1. Oct 17, 2005 #1

    x(t) = a + b*t

    y(t) = c + d*t + e*t*t

    a= 70 cm, b=38 cm/s, c=78 cm, d=17 cm/s and e=-490 cm/s/s

    What is the initial velocity of this projectile?

    I approached it assuming that the angle is 45 degrees. So I used the pythagorean therom to solve for the hypotnuse given that we already have the vertical and horizontal velocities. Is this correct or am I missing something here?

    2.) A 510 gram ball is moving through the air. At this moment, the horizontal component of its velocity is vx=9.43 m/s and the vertical component of its velocity is vy=4.70 m/s.

    What is its kinetic energy now?

    I did an online quiz and used the pythagorean theorem again. Somehow I got the right answer on another exact problem with different numbers. Is the pythagorean only involved in this problem?

    3.) A bullet is being shot straight up with a mass of 35.58gm and a velocity of v=176m/s. What is its kinetic energy in 47.91 seconds?

    For this one, I assumed a force of -9.8m/s/s was present on the bullet being shot straight up. I multiplied 47.91 to -9.8, and added that value to 176. The outcome of this should be the instant where we need to find the KE. I than used the KE=.5M+(V*V) formula to find the answer. Am this the correct method to solving it? The online quiz keeps telling me I've been getting the wrong answer.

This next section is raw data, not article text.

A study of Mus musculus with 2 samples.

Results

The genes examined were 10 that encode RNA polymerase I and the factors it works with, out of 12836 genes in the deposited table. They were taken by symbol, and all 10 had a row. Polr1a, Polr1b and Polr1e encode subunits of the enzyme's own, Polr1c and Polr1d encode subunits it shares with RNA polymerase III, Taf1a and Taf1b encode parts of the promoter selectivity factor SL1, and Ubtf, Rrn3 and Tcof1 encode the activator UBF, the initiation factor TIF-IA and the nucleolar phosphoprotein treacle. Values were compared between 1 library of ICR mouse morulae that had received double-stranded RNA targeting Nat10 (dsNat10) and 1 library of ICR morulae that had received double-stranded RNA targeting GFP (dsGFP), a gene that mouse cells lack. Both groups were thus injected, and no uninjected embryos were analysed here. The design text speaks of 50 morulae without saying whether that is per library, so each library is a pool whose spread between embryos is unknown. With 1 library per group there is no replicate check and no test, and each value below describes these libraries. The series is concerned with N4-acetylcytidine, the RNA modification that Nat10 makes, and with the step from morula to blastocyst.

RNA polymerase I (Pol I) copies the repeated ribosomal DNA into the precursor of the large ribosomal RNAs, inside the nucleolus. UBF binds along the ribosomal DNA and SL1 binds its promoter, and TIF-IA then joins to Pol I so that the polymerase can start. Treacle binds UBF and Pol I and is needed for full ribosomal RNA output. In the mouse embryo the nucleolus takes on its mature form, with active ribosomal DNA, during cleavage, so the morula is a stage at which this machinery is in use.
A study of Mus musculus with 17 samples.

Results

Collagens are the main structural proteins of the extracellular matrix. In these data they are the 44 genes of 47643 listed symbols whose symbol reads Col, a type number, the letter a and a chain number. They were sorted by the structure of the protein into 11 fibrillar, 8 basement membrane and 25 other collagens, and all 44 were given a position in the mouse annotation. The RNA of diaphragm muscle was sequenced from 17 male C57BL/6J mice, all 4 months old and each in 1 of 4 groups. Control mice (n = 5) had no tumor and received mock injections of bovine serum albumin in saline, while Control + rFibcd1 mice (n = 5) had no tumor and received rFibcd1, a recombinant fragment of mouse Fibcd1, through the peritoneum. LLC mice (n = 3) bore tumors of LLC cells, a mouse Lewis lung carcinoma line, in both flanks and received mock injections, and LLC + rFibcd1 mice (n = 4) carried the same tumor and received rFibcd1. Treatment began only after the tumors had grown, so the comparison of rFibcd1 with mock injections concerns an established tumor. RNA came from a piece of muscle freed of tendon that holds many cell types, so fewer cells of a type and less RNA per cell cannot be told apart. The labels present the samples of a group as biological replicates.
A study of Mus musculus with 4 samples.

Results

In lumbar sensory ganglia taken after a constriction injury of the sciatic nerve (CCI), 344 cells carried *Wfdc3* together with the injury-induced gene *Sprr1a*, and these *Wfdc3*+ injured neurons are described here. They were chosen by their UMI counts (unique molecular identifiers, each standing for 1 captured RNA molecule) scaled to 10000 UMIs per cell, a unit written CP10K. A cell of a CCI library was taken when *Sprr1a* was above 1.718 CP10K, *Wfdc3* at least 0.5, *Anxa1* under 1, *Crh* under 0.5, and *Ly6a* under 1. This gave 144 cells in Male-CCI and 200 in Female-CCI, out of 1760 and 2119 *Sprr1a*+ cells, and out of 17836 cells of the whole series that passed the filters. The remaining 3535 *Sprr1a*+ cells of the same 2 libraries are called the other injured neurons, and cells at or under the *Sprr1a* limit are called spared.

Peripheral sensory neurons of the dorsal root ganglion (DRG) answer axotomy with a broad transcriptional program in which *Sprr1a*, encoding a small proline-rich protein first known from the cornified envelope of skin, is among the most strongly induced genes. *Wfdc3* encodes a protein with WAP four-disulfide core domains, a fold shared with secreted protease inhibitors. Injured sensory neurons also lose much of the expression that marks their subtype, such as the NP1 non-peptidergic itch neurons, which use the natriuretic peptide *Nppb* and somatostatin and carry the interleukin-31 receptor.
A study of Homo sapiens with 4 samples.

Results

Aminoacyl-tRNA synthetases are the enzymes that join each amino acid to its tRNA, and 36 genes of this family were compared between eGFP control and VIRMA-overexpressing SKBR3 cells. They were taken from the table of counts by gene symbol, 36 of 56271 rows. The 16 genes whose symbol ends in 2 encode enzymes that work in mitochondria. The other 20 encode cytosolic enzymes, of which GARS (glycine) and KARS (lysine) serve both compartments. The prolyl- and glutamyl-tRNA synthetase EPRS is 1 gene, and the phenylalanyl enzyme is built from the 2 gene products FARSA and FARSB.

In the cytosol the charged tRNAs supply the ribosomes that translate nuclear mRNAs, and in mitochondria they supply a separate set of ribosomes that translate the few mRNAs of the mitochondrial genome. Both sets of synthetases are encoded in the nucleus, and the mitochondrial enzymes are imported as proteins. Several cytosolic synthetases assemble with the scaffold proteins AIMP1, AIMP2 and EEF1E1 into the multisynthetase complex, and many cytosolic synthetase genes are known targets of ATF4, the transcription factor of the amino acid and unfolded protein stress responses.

2. jcsd
  3. Oct 18, 2005 #2
    1) Out of the 5 constants listed (a-e), which have the units of velocity?
    Remember one way to write a position equation is
    [itex] x(t) = x_0 + v_0t + \frac{1}{2} gt^2 [/itex], what do you notice about each component and the power of t? Once you've discovered that, find the numerical value for each of the velocity-variables, which are already given in components. Combine the two vector components to obtain the vector's direction and its magnitude.

    You can find an expression for kinetic energy in your book. You are given the velocity in two components again, which you'll combine to find the magnitude of the velocity vector (you'll need it in your KE expression). You always need pythag theorem to combine components.

    To find the kinetic energy, you'll need the object's instantaneous velocity at t=47.91 sec. First off,
    -9.8m/s^2 is an acceleration not a force.

    Your expression for KE is incorrect, close though. Check it again in your book.